Investing in education develops the resilience of Africa’s communities and their surrounding natural resources.
Rural children are being left behind. Across the continent, rural areas are often home to some of Africa’s most marginalized communities — and some of its most precious natural resources.
In sub-Saharan Africa over one-fifth of children between the ages of 6 and 11 are not in school — the highest rate anywhere in the world. Disparities between male and female students are vast. Nine million girls in that age group will never attend school, and the figure for boys — while lower — still stands at a shocking 6 million.
Without a quality education and the foundation for a sustainable future, these children are more likely to use natural resources for their future livelihoods and engage in activities that are detrimental to wildlife and wild lands. However, an early awareness of nature’s contributions to a prosperous life can empower Africa’s youth to pursue successful livelihoods that are not reliant on the unsustainable use of the environment.
Many rural children do not understand the value of Africa’s wildlife and natural resources.
Although many rural African children have lived near wildlife their entire lives, few have the chance to experience the majesty of an elephant, zebra, or lion in protected areas. These species are often considered to be threats or pests and even killed when they cross human settlement or farmland — with some rural homesteads encroaching wildlife corridors, the risk is ever-present. Without access to a comprehensive education curriculum, which includes conservation values, these children often grow up forced to exploit the resources around them to survive.
Low investment in rural school systems and teaching capacity.
While an increase in enrollment at primary and secondary schools means that more children are gaining access to education, many governments are struggling to meet this demand. Not only are school facilities and amenities strained to accommodate the growth, but teaching staff is also stretched thin. Ultimately student performance suffers, slimming the chances of young people progressing in their education and going on to seek employment in the modern economy.
Supporting education to foster long-term biodiversity protection:
Where communities have collaborated with African Wildlife Foundation to minimize threats like habitat loss and bushmeat hunting, for example, AWF’s Classroom Africa program builds new primary school facilities in return for their conservation commitment. The program brings high-quality education to some of Africa’s most remote villages, boosting student enrollment and performance, as well as teacher morale. Across our four schools in Zambia, Ethiopia, Tanzania, and the Democratic Republic of Congo, we enroll at least 2,500 new students every year. With two more Classroom Africa schools planned in Uganda, our conservation impact in biodiversity hotspots will continue to grow.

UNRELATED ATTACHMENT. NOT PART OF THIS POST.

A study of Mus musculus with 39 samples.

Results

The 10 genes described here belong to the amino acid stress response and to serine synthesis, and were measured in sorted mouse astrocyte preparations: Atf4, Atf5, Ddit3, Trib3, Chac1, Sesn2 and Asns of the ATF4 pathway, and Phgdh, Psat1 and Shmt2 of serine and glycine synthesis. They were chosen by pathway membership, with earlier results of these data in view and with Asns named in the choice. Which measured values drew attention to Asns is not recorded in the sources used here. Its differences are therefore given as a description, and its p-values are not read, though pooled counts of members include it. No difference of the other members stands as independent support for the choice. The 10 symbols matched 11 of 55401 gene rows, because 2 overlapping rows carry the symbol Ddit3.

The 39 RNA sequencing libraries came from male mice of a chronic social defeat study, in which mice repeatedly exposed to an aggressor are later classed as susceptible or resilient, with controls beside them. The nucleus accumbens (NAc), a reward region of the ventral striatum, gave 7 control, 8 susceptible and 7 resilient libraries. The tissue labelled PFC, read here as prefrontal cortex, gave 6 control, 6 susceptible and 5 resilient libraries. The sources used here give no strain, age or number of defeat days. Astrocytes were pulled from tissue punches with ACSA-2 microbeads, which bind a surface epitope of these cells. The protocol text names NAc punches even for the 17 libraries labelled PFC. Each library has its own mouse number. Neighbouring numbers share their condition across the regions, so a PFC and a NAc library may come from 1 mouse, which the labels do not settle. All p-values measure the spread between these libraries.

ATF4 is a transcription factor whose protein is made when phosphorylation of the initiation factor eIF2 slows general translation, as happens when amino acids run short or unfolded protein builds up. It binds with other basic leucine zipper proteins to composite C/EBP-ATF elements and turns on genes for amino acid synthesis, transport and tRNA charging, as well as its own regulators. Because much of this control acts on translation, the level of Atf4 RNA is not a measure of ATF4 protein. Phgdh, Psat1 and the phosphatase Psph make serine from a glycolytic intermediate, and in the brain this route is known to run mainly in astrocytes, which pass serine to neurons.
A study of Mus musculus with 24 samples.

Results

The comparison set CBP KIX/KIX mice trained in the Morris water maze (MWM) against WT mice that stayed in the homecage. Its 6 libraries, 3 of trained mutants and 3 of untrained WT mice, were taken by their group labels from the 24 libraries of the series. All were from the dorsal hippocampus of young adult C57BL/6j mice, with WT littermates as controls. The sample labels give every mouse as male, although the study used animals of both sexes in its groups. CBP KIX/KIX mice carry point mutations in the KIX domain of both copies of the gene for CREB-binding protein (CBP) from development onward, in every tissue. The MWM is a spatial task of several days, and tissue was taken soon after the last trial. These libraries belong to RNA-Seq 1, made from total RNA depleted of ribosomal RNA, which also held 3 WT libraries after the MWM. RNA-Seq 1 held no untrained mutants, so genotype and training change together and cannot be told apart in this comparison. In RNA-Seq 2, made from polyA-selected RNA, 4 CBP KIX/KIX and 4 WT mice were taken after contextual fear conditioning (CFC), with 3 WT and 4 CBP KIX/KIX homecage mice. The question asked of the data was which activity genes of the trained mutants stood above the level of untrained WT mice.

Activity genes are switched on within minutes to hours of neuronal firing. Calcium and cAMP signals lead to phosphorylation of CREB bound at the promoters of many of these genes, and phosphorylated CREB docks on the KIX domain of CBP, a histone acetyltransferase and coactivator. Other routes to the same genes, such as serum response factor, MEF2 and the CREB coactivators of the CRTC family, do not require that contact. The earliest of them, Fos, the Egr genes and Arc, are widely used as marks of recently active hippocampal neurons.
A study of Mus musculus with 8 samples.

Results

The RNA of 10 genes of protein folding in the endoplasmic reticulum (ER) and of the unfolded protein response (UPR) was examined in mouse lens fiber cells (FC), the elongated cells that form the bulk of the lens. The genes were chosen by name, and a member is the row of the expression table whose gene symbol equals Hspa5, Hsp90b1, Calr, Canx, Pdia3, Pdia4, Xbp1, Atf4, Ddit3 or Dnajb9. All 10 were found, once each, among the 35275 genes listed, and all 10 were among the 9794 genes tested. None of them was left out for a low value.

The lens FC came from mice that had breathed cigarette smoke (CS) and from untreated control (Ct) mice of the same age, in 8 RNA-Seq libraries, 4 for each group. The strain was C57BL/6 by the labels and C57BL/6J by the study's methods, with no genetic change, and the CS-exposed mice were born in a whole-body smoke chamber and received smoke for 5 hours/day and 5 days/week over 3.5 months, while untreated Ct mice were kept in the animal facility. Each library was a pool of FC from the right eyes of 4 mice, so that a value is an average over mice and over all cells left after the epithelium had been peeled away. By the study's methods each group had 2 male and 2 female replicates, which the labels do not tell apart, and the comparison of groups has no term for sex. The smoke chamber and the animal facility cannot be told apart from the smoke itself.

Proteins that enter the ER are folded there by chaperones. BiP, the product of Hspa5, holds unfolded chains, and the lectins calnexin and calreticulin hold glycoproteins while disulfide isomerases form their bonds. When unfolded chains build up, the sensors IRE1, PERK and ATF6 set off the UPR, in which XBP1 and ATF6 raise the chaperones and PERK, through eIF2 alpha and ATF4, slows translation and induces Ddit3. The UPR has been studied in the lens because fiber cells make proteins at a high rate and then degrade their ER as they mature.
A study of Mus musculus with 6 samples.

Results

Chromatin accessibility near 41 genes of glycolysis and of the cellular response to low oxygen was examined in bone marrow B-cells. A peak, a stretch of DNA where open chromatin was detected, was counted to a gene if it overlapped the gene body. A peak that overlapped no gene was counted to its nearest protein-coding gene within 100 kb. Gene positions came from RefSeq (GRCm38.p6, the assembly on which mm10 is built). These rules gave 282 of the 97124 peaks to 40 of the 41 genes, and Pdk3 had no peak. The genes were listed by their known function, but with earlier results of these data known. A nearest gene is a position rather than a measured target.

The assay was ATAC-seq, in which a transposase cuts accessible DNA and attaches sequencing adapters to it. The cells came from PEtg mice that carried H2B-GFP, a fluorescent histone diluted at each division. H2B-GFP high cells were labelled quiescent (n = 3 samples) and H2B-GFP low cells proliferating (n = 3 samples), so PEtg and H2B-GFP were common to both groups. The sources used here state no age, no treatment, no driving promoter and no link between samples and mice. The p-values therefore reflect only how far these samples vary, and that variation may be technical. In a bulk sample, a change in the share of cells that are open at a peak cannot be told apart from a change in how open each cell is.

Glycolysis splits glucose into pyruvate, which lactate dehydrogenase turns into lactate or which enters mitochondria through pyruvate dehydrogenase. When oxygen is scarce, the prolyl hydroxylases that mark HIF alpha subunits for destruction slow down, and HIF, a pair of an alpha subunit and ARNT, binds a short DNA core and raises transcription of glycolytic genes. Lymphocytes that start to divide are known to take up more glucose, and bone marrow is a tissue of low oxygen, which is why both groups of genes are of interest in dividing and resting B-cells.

Over the years, biodiversity-rich landscapes with a Classroom Africa school have recorded a reduction in the unsustainable use of natural resources and land clearance. Villagers in Ilima even helped construct the Classroom Africa school deep in the indigenous forests of northern Democratic Republic of Congo, where unplanned land conversion for agriculture is shrinking wildlife habitats and the bush meat trade drives illegal hunting. Apart from boosting the enrollment rate of students — who come from five villages in a 23-kilometer radius — performance has also improved since AWF began supporting the school, with 95 percent passing their primary school exit exams marking the school’s highest rate yet.
In addition to the upgrading and rebuilding school facilities, AWF’s Classroom Africa program ensures that students receive a well-rounded education that also fosters conservation. Teachers are trained to deliver learning activities, both inside and outside the classroom, that build student awareness of their immediate environment as well as wider conservation issues. Regular field trips into the national parks and reserves that they live next to but rarely visit afford learners firsthand knowledge in the value of protecting their wildlife resources. Students from the Lupani Community School in Zambia regularly visit Victoria Falls and Mosi-oa-Tunya National Park. Since Classroom Africa introduced conservation education, the students even built a greenhouse housing 1,500 indigenous tree seedlings, which will contribute to reforestation efforts around their communities.
Like top schools, the brightest schoolteachers also tend to be located in urban areas. To change the paradigm, AWF is committed to attracting star teachers by building school-adjacent teacher housing. We also offer continuing education and professional development opportunities, as well as access to technology to ensure that both teachers and students benefit from the latest tools and techniques in education.